Review of Lily Ladewig's THE SILHOUETTES

Lily Ladewig. Spring Gun Press, $14 paperback (67p) ISBN  978-0-9832218-1-4

An earlier me would have read poems that referenced micro-shorts and text messages and immediately written them off. That earlier me would have lost out. The speaker in Lily Ladewig’s debut poetry collection The Silhouettes won’t let me pigeonhole her. She refuses to be predictable. These poems are fashion previews, but they are also history lessons. They are sometimes yoga meditations, and they are sometimes adventures in free diving. They are often French. And while they usually show us the silhouette, they always show us the body.

Poems are often about what isn’t included. And The Silhouettes is a collection of the unfinished line. The series of “Shadowbox” poems spread throughout the book play with space and punctuation. Part of this play is to imply line breaks, but it also plays, as many of her poems do, with suggestion. Just as we guess with silhouettes, we find ourselves finishing the thoughts in lines like, “If I forget to pack enough books//and my lacy underthings” and “To be someone’s cup of tea/or a flight of stairs."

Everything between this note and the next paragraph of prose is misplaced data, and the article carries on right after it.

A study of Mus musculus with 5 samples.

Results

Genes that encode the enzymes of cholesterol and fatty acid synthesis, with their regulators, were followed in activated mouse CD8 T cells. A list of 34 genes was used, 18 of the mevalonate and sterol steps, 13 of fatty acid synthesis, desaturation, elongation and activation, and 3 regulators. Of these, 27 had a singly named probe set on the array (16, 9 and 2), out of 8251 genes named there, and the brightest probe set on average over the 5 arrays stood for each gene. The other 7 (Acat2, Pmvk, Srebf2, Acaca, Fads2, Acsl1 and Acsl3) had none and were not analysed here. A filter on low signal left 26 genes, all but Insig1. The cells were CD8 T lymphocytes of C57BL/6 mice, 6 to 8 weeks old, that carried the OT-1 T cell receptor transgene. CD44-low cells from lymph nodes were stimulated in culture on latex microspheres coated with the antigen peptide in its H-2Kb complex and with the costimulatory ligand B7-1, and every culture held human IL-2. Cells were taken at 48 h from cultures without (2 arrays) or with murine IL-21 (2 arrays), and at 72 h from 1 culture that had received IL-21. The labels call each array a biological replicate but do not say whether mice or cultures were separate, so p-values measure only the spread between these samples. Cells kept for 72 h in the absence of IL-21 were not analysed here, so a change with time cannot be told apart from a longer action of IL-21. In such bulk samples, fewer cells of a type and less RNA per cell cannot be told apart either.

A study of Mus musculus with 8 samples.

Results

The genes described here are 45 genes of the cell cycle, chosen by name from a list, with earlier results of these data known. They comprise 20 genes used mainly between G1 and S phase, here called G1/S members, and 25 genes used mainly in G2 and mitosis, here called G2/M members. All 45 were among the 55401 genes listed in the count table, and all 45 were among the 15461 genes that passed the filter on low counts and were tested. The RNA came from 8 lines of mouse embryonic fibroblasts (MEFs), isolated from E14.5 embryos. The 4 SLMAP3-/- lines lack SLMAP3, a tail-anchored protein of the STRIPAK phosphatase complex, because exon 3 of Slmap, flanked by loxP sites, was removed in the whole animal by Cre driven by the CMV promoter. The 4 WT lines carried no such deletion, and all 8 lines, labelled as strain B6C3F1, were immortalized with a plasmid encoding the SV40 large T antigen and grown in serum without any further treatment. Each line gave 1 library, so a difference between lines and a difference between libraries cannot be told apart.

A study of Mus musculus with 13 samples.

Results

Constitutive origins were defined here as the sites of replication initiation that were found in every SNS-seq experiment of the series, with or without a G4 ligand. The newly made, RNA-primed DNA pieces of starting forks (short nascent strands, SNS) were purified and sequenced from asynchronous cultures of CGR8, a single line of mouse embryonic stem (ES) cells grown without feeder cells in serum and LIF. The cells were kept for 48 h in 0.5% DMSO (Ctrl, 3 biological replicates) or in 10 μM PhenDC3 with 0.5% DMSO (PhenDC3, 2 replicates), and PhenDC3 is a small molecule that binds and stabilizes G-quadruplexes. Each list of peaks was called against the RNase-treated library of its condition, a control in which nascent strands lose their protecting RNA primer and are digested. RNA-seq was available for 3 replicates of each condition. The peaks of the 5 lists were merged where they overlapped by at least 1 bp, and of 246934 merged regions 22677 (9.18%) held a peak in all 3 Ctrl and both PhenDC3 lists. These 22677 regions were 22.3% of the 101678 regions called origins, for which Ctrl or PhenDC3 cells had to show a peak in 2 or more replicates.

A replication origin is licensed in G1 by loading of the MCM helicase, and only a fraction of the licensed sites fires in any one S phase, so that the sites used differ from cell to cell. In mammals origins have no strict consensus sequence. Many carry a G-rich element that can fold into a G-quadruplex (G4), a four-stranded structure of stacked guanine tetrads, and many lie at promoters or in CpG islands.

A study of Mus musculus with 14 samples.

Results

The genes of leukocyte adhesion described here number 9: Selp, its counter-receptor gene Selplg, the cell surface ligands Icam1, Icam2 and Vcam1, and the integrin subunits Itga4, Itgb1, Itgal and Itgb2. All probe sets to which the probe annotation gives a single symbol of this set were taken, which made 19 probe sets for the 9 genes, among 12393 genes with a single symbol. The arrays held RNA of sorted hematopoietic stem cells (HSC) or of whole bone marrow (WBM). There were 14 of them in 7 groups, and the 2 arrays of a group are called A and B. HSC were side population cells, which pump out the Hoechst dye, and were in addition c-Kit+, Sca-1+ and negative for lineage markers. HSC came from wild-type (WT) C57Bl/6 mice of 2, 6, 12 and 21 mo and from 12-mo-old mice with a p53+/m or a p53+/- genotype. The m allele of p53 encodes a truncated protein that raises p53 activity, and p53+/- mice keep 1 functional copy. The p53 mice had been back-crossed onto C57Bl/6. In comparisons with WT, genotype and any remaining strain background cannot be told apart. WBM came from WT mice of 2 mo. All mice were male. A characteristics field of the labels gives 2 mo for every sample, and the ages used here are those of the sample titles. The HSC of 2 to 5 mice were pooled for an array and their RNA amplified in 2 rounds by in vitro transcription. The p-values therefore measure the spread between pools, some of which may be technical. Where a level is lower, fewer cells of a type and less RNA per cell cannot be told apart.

No matter what context, these are poems about the body. About a body. A body that’s aware of itself and over-aware of itself. A body that is sometimes surprised by itself. That is not to say these aren’t poems of the mind and heart. These are poems of an entire bleeding person. A speaker who is aware of her body when she is moving through the world, when she is in love and when she isn’t. Ladewig writes, “Like if nobody/looks at my naked body then I will never/be truly naked again.” Nobody takes on a new meaning, and we also begin to wonder, “Then what do these/reflections mean?” When she writes, “Do you know/how many people have told me/that I have a lovely figure?” we remember the gloom a person can have living inside a body, any body.

Lily Ladewig’s poems serve as a good reminder. We often mistake the surface for the entire person. We often forget that our minds own bodies. We often mistake a silhouette for an empty outline. (February, 2012)

Order The Silhouettes here.

Reviewer bio: Christy Crutchfield writes and teaches in Western Massachusetts. Her works have appeared in Mississippi Review online, The Good Men Project, The Collagist, and others. She blogs about writing and other monsters at

*This review first appeared at Dark Sky Magazine.